171 posts tagged with Tetralogy of Fallot.

COVID-19 and the Impact on ACHD Patients

by Christy Sillman on Tuesday, Mar 24, 2020

I can’t be the only person who wakes up every morning and thinks to myself, “Maybe it was just a bad dream? This can’t be real life!”

The SARS-CoV-2/novel coronavirus/COVID-19 crisis has completely upended our way of life. It’s all anyone is talking about. Where I live, in California, our entire state of 39.56 million people are now on a “stay at home” directive in an attempt to decrease the sharp upward curve of severe cases that could overwhelm our healthcare systems. Schools are closed, all businesses besides essential services are closed, and our legendarily clogged freeways are now actually functional.


by Robert Grabel on Thursday, Mar 05, 2020

Back in March 2016, after my valve replacement surgery, I wrote a post for ACHA called The Ones Who Care For Us. I discussed the importance of being grateful for our loved ones who support us as individuals with congenital heart disease. A recent experience served as a powerful reminder of how important it is to appreciate the people that mean the most to us…


by Jennifer Rogers on Wednesday, Feb 05, 2020

It’s finally February, which means Heart Month is here! I don’t know about you, but this has to be one of my favorite months. It’s an exciting time of year, known for eating as much chocolate as possible and feeling mushy-gushy about our significant other. But, more importantly, it’s also a huge window of opportunity to educate ourselves and others how to keep our hearts healthy.

Let me ask you something: What does Heart Month mean to you? Really, please stop and think about it.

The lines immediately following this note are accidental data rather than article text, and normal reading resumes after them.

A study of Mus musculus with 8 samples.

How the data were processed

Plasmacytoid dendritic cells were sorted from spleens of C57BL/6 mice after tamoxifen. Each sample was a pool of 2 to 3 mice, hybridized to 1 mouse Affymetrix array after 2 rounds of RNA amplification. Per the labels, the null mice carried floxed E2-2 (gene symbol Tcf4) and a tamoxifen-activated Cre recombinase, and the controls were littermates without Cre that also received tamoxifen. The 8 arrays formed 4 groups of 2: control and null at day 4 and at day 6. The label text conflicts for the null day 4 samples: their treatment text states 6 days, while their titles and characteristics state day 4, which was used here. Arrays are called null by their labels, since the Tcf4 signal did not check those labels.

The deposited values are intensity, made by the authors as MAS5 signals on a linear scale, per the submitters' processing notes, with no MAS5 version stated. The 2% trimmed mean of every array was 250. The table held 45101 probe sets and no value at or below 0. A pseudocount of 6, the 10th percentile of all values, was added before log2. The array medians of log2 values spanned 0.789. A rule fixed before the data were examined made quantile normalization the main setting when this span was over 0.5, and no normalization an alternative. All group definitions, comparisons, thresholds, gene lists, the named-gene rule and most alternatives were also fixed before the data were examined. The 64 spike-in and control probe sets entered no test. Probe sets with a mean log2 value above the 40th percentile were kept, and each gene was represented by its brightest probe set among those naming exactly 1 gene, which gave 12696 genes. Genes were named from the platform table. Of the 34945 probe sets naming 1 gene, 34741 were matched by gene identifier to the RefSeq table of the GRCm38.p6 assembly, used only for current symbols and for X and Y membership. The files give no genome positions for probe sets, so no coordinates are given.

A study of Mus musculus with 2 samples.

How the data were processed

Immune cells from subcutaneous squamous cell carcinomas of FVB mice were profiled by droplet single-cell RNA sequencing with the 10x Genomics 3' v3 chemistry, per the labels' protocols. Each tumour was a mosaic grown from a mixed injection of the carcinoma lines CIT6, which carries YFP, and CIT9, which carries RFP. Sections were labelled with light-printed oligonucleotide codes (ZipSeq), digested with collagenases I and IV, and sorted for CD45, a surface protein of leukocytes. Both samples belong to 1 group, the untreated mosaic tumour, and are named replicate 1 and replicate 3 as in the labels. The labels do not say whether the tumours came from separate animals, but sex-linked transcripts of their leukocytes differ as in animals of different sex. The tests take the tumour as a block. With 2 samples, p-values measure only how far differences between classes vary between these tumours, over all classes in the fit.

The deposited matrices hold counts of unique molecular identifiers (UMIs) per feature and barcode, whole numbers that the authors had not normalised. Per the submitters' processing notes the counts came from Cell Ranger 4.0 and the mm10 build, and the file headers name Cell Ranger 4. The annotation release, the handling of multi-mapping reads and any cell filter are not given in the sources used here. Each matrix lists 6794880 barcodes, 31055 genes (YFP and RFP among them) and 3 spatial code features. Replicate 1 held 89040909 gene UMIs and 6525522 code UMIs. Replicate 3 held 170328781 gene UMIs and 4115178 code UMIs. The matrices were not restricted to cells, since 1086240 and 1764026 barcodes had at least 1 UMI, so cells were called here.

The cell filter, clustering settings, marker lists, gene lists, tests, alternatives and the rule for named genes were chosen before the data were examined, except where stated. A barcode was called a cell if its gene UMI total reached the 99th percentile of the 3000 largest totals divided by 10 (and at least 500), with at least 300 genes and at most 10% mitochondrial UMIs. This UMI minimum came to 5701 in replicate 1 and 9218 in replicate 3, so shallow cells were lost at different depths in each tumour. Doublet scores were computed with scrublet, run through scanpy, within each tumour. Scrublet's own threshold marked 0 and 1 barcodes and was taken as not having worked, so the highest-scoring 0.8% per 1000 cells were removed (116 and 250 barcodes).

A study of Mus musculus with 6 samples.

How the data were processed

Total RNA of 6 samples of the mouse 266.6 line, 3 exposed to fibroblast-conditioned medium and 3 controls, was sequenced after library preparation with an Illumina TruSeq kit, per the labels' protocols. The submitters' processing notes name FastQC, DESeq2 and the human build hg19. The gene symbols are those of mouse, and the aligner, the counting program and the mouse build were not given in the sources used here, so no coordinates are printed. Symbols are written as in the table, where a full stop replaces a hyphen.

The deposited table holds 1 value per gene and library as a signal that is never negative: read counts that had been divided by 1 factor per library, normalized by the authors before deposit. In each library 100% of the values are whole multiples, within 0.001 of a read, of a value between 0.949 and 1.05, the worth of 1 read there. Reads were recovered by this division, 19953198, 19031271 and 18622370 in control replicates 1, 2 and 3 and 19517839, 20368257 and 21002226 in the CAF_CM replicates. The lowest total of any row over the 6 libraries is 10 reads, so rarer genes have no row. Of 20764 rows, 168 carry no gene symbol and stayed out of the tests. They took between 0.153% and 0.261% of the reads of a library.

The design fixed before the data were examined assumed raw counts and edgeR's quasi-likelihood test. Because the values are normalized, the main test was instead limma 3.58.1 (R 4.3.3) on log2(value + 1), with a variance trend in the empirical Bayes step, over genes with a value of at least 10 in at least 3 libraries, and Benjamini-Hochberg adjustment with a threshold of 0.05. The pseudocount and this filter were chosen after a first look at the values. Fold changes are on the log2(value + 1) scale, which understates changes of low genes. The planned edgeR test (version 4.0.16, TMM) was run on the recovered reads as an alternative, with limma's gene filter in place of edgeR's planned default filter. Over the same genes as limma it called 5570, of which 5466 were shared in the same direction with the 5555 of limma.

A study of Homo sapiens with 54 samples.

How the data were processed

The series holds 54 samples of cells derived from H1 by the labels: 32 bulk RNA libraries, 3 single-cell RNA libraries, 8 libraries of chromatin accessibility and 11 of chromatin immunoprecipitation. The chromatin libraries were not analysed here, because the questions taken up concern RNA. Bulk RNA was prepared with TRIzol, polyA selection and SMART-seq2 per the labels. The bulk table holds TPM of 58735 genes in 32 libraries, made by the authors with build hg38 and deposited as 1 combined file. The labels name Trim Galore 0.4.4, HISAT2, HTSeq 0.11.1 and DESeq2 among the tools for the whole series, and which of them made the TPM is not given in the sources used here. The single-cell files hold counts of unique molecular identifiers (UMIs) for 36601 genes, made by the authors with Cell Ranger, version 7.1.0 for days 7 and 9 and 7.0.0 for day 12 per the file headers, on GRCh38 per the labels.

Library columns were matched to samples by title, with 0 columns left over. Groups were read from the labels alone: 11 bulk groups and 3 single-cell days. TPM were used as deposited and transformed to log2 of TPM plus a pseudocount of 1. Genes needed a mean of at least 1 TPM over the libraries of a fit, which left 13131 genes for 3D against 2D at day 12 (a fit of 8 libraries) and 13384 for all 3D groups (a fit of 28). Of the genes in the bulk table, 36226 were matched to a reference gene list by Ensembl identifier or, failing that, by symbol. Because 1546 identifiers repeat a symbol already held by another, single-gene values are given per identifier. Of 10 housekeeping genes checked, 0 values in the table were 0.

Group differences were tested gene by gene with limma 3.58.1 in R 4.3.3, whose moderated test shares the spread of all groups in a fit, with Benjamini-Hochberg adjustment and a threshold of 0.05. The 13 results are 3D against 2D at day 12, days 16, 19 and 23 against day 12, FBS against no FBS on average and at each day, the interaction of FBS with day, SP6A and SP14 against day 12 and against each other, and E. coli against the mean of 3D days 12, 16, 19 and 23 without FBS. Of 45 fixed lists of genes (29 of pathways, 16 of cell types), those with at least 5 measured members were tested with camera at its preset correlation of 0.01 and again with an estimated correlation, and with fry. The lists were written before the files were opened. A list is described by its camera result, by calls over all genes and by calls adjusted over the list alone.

by Jennifer Rogers on Thursday, Sep 19, 2019

If you’ve had open heart surgery, you’ve been through medical trauma. I was born with the congenital heart defect tetralogy of Fallot; I had my first surgery at 8 days old, and then my first open heart surgery when I was 8 months old. I was too young to remember, but it was the first time I experienced medical trauma.


by Barry Meil on Wednesday, Feb 13, 2019

Hello ACHA members, and Happy Heart Month!

I am the Immediate Past Chair of the ACHA Board of Directors, and I am also the parent of a 38-year-old son with tetralogy of Fallot. I found ACHA and got involved when, 20+ years after being told that my son was “cured,” he began to have rhythm problems and went to an adult cardiologist for advice.

As is so often the case, it did not go well.


by Renee Riege on Tuesday, Feb 12, 2019

The Bearded Villains are a worldwide brotherhood of elite bearded men from all over the world who are dedicated to the beard, charity, family, respect, and loyalty. The Tennessee Chapter of the Bearded Villains, known as the Three Star Villains, was established in March 2015. With a brotherhood that spans around the United States and the world, the Three Star Villains learned of Villains in other parts of the country whose family and lives had been affected by congenital heart defects.


by Melissa Hartman on Friday, Jan 11, 2019

To quickly recap from my last post on this topic: I addressed how questions about treating people who have congenital heart defects are answered—how do practitioners know what to do and that it will work?

Maybe you have heard of evidence-based practice. Healthcare providers rely on evidence-based research to guide their practice. In my last post, I addressed how that evidence is formulated and used.


by Robert Grabel on Friday, Jan 04, 2019

Hey, I just became I bionic. Move over, Six Million Dollar Man…

The above is me being funny. I was told humor is one of the best ways to deal with the mixed emotions that can hit you when you’re fitted for an ICD. Sometimes it works. Sometimes not so much. Mainly, the humor is for me. It’s a good distraction from thinking that I now have an incredible piece of technology near my heart that’s helping me live. Speaking of mixed emotions, that’s a big part of the recovery process. I’m beyond grateful to be here (yes—here and alive!).


The contents of this blog are presented for informational purposes only, and should not be substituted for professional advice. Always consult your physicians with your questions and concerns.